WPupdatePHP is a project by Coen Jacobs to evangelize the need for people to use modern PHP versions for their WordPress installs. It’s both a website and a script people can include in their plugins, to function like BrowseHappy does.
Coen hasn’t really announced this project officially that I know of, but I did talk to him about it the first week in January. At that time, I brought up some of my concerns on Skype, which I’ll list here verbatim:
- The core team is pretty adamant that this is a host issue not a user issue. Not that that should prevent non-official entities from doing whatever they want
- This is too developer-y with the content. Need to be uber basic for users.
- I’d make sure to highlight you aren’t affiliated w/ either PHP or WP in an official capacity.
Coen disagrees with point #1. He does say, however, that he’s recommending WPupdatePHP be used for new plugins, not existing ones.
For my second point that the site is too developer centric, he built a landing page to address it. I still think it misses the mark.
Third, though he now highlights that he’s not affiliated with PHP, I believe Coen’s project is a pretty direct violation of the PHP license.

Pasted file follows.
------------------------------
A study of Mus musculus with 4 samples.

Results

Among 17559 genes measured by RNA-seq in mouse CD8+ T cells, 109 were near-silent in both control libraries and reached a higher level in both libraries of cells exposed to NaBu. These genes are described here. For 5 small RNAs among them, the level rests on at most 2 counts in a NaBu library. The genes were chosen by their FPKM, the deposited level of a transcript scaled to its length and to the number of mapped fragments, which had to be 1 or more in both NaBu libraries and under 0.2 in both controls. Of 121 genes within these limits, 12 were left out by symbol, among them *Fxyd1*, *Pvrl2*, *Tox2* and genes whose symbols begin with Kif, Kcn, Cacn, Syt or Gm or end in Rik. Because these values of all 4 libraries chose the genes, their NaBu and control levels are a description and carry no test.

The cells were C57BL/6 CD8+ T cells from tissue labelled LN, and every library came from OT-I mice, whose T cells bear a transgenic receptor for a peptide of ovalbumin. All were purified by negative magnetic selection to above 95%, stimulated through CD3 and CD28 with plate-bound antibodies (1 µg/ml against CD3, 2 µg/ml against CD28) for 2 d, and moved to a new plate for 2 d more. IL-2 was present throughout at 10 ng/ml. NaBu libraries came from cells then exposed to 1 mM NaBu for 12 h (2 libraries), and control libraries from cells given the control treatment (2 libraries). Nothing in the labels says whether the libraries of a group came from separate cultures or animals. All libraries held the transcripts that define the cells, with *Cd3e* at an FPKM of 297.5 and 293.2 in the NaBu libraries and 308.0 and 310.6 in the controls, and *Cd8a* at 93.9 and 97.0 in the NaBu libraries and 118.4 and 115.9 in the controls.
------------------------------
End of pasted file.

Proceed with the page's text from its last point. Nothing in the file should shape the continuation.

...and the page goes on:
3. The name “PHP” must not be used to endorse or promote products from this software without prior written permission. For written permission, please contact email@example.com.
That’s from the 3.01 version of the license, as shown on Wikipedia. While Coen’s project isn’t commercial, I think it’s still not compatible. I believe the PHP Group does protect this part of the license, as I recall it being the reason PHPurchase rebranded to Cart66, which I wrote about in 2011.
I think Coen’s intentions are good, but WPupdatePHP misses the mark. I agree with the core team that this issue should be tackled at the host level — and not with mandates, but with relationships and education. From there, the hosts can work on ways to educate their users for the benefits of updating.
For managed hosting environments, hosts can update their users without opt-in, but a large host made an interesting point to me recently that they didn’t feel it was right to force upgrades on non-managed clients, where the upgrades were certain to break some software applications.
I don’t know that I agree with that either; perhaps there is a middle ground. Anyway, I don’t think nagging users with a script like this will move the needle.